Tying up real or imaginary cash

April 14, 2010

I’ve spent the morning drafting the EACT’s submission to the European Commission’s consultation on the new (Basel III) capital requirements regime.  Impenetrable source documents for many of us – but for some time I’ve felt the issue was blindingly simple.

Let’s assume commonsense prevails on the need to allow corporates to continue to use OTC derivatives without having to go through central clearing and tie up real or imaginary cash to meet unquantifiable future margin calls.  If the arguments for that are accepted – and although we are not there yet the signs are positive – will legislators, regulators and civil servants really take leave of their senses and allow Basel III to reverse the exemption?

More to follow on this and I’ll post a link to our submission once it’s agreed across representatives of treasury associations in 19 countries (no kidding).  In the meantime I’m about to take a call from a US risk advisor who wants me to comment on a draft article he’s preparing that’s headed ‘What Does Europe Know About Derivatives that the White House Doesn’t?’.  Great stuff – and at the end of a 24 hour period in which the political tensions around OTC regulatory proposals seem to have been heating up – look at Senator Blanche Lincoln’s website and also try to track what Senator Saxby Chambliss has been saying (not an easy task).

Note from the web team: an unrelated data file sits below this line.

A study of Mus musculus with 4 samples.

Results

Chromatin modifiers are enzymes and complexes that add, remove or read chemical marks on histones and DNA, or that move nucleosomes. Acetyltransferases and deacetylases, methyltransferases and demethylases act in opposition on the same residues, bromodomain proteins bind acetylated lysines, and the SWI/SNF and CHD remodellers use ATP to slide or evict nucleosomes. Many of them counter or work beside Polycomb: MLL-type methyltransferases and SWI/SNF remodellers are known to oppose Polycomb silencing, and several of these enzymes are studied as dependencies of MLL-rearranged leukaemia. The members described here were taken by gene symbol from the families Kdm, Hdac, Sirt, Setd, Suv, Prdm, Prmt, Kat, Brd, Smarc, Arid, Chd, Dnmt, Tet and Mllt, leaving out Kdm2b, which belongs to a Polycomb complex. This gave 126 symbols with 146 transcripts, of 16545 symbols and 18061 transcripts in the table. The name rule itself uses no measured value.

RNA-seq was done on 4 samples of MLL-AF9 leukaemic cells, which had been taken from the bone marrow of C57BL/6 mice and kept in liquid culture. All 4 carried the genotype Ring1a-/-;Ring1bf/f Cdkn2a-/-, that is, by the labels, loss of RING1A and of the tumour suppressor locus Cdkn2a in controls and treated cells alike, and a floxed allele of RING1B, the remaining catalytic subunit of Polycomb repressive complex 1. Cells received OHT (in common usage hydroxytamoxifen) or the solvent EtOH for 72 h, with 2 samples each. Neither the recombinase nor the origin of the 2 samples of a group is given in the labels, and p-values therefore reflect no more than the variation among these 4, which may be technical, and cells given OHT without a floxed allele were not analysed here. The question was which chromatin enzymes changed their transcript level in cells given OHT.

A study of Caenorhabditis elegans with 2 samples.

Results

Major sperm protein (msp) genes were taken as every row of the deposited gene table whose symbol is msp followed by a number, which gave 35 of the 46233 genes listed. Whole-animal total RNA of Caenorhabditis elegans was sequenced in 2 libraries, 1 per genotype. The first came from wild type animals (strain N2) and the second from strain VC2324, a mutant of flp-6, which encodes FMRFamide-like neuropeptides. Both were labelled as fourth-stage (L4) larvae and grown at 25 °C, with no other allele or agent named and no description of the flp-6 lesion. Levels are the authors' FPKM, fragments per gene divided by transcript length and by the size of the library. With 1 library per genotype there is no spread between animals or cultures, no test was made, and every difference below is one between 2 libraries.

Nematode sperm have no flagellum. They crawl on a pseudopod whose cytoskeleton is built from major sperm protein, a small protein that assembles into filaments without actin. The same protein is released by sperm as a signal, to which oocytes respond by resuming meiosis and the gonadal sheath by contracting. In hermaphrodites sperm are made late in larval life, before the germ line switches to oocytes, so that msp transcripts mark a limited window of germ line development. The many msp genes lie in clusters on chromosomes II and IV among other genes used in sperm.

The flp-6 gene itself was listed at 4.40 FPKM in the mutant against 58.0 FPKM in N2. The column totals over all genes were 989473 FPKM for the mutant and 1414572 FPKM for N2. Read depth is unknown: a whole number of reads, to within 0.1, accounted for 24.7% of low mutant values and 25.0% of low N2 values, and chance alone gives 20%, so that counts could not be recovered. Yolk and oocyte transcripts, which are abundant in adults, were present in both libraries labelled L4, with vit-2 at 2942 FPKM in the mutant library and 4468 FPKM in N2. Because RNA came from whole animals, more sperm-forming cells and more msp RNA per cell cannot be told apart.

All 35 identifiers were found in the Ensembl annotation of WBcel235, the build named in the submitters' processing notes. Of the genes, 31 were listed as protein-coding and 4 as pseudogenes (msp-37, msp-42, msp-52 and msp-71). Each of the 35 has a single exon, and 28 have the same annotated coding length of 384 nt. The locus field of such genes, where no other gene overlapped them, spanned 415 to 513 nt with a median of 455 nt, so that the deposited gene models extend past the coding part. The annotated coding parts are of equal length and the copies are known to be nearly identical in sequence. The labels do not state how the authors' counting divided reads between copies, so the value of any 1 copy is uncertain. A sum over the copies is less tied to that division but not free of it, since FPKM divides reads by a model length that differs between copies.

One Response to “Tying up real or imaginary cash”

  1. Jiro Okochi Says:


    I agree with your blog in that the battle for end user exemptions will hopefully be won but the war on keeping costs low may be lost as the increased capital charges and potential margin requirements will come from banks, if not clearing firms. I am not sure how collateral threshold amounts will be treated under Basle III but the only hope will be corporates can get large enough threshold amounts in their CSAs before they actually have to post collateral to the banks. Banks will also be more flexible with the CSA vs. the fixed requirements for clearing so most better rated corporates I speak to would rather live with CSAs with banks than margin rules with regulated clearing firms.